As the myth of convergence comes stumbling to a gig near you, some confusion arises about one of the hottest buttons to hit the media server market since its inception. To go HD, or not to go HD: this is the question of the current age, both on the job and at home. Whether ‘tis nobler to suffer the constraints of SD or venture off to the mysterious territory of HD, perhaps to never work for those producers again!

For those of you who haven't run into this conundrum yet, Standard Definition (SD) is what most people have been using for around the last 50 years in most aspects of video production. In the last several years, HD, or High Definition, has become a popular medium for TV systems, as well as for live production, thanks to the strides in technology that have allowed us to expand our usable visual space. Although this may sound vague, HD video is pretty much anything 720p or higher. Since many computer monitors, and hence media servers, can output a pixel resolution equal to 1024×768 without a problem, this may not seem “high def,” but according to broadcast standards, it is.

The most common HD formats are known as 720p (progressive), 1080i (interlaced), and 1080p, and many newer media servers are now starting to cater toward those as target resolutions for playback on HD screens as projection surfaces, bringing with them more processing horsepower geared toward frame-accurate playback of high resolution sources. I'm not going to get into a long explanation of the specifics of video resolutions and how or why they are the way they are. Suffice it to say these are the standards we have acquired and deal with on a daily basis. It is important to remember however, that with this influx of HD power to the market comes great responsibility.

When using any type of HD, the most important phrase is the same as with SD: media content. Having custom or stock content rendered at the correct resolution is key for working in HD. Many people worry about the pixel accuracy of a content deployment system, making sure that every pixel that was rendered in After Effects or Final Cut Pro is exactly represented in the final output display and color-accurate. In the real world, this is not always the case. With media traveling through a variety of processors to get from your server to the wall or output device of your choice, there will always be some sort of loss or correction that you've got to anticipate and minimize as much as possible.

That said, content quality is key in making the final image look as close as possible to what you intended. Most HD systems that you run into will be set to work at 1080i, which is a fairly common standard and easily integrated into most existing HD video setups provided by a video vendor. With that in mind, the content provider must also show up with content formatted for a 1080i system. Saying “HD” to someone can mean a variety of sizes, so the more specific you can be for the content provider, the happier you'll be when it comes time to play it back.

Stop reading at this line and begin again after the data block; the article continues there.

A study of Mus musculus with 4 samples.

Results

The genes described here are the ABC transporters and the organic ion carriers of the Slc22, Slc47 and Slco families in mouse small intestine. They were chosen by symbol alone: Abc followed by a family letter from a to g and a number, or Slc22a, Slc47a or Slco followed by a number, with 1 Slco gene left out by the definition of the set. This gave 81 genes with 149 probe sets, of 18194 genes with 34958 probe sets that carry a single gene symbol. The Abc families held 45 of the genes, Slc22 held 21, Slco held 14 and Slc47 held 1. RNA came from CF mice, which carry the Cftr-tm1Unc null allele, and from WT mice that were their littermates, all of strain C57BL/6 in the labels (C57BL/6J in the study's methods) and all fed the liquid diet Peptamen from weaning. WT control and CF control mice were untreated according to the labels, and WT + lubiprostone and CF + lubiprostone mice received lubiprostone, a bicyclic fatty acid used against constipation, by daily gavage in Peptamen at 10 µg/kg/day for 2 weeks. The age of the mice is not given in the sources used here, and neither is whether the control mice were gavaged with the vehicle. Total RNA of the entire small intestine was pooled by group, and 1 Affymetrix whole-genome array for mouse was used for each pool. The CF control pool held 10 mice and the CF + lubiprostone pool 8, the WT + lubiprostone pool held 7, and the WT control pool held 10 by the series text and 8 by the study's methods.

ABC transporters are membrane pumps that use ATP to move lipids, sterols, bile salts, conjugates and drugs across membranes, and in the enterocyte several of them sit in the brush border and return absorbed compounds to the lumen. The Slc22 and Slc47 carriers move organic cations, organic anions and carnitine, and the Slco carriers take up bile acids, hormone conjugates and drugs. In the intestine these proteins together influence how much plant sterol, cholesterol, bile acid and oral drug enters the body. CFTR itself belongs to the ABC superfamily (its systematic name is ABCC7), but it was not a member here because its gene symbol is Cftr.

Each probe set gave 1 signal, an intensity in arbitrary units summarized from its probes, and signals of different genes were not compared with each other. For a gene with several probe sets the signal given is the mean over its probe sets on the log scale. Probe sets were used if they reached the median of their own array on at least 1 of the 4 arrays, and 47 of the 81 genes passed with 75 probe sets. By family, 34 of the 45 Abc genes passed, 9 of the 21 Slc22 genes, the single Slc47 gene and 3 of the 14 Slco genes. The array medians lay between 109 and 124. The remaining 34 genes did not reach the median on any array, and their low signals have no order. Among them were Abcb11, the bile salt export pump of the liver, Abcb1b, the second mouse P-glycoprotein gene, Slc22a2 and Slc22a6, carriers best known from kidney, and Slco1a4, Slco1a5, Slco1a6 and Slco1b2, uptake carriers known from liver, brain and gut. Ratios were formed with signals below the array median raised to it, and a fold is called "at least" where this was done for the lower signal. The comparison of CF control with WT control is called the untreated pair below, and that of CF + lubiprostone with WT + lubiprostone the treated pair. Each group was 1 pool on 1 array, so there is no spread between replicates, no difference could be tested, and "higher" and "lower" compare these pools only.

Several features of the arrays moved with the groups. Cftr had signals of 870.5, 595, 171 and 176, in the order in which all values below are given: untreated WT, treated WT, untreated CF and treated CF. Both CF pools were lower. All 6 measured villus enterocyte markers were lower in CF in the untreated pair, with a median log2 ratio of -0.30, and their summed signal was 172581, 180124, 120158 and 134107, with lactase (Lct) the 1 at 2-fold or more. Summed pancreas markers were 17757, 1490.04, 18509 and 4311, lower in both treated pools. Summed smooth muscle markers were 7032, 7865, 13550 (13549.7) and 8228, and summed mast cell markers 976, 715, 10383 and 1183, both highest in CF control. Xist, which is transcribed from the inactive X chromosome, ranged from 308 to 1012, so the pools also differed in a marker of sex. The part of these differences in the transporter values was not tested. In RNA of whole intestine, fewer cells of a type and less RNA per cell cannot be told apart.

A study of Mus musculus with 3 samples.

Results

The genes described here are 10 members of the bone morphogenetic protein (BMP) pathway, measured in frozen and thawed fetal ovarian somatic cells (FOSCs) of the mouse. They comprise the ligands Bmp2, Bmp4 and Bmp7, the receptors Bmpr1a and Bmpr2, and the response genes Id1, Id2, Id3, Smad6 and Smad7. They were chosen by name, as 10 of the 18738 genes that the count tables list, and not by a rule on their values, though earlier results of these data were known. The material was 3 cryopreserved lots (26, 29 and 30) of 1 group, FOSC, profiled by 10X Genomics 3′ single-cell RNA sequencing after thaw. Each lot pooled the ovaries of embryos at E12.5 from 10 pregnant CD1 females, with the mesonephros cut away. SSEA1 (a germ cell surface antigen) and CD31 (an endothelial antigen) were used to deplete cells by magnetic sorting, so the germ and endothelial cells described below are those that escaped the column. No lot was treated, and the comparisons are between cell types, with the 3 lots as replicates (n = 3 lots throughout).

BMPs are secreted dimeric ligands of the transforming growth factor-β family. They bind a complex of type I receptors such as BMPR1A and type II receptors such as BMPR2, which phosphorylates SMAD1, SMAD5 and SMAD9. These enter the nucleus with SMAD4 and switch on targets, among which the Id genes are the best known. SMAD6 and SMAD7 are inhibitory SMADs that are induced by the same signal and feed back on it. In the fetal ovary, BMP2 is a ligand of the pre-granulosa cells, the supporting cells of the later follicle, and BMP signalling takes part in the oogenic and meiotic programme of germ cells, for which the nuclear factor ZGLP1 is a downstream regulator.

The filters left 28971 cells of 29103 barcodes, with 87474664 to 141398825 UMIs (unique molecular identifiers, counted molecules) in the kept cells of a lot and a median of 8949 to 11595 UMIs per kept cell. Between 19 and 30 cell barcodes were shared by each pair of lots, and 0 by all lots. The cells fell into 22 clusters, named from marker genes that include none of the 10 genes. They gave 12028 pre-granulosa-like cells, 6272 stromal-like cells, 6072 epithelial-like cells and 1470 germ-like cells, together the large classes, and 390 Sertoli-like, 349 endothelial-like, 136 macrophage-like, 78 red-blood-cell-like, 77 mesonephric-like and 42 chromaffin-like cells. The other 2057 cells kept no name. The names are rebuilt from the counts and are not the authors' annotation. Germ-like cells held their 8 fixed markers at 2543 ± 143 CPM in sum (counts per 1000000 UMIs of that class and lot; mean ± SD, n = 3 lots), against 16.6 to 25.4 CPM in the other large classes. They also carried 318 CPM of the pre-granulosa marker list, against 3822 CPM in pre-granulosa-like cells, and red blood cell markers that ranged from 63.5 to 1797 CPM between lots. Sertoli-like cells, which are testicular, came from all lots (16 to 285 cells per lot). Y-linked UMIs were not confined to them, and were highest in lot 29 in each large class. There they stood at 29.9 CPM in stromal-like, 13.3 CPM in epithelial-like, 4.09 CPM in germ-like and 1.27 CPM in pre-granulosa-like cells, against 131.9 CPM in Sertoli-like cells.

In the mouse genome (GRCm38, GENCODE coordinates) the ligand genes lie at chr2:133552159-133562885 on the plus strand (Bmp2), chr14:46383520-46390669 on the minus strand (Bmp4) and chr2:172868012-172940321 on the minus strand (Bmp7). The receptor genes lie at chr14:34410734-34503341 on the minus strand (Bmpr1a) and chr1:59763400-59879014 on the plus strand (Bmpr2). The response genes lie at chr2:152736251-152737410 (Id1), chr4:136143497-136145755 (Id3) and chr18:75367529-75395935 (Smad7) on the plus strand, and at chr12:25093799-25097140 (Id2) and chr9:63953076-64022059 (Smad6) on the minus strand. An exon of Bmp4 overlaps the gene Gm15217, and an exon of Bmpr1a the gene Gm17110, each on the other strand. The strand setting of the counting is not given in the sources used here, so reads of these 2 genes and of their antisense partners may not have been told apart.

Each media server typically comes with its own requirements for media formats, including the compression codec, the bit rate, resolution, and overall file size. These requirements are crucial to share with your content providers, as they can make or break your show in a matter of moments. Getting the wrong formatted content late in the game can mean that your show (and the audience) may never see the right content, as it typically needs to be re-rendered or trans-coded to a new format, which can take longer.

This may seem obvious to many of you, but remember that HD can be twice the file size, if not more, than an SD movie clip, so re-rendering that 30-second loop would take twice as long, and just think about that seven-minute video with audio. If the content shows up in the wrong size and can be scaled to fit the output device, this may not be the end of the world, but even if the audience doesn't notice it, you will and the content creator surely will. One way to really make friends with the folks in the video art department is to scale or distort their hard work to a point where it looks grainy and skewed.

Another point to remember when making the switch to HD is to have a good transmission standard. Getting the video to the display device can usually make the difference between a good gig and a total nightmare. Typically, for most long distance runs over 100', the most secure method of transport is HD-SDI or fiber optic. As most media servers output from the graphics card on a computer, Mac or PC, this output is a DVI connection, which is not designed to extend much beyond your desktop monitor. The most useful device, in this case, is the Barco/Folsom Image Pro, everyone's best friend on a hostile media server gig. The Image Pro is designed to take almost any video signal and change it in to almost anything you want. This is perfect for taking a DVI signal from a graphics card and sending it out as a standard HD-SDI signal for the video department to route into the wall or any other system. If you happen to be playing without a video vendor, there are a variety of boxes that will convert a DVI signal into a fiber optic cable run, and then convert it back on the other end. This is great if you happen to be using a display device like Element Labs VersaTube® HDs where they natively take DVI signal in, so there is no need to change the signal type, simply extend it.

All in all, the key to having a successful HD experience is planning — just making sure you're all set from content creation to the media server's capabilities, to the transport system you choose to use, to the ultimate display and what its capabilities are. There isn't a hard-and-fast, right or wrong way to do this, but without the proper planning, I guarantee you will be finding yourself ice skating uphill in a hurry.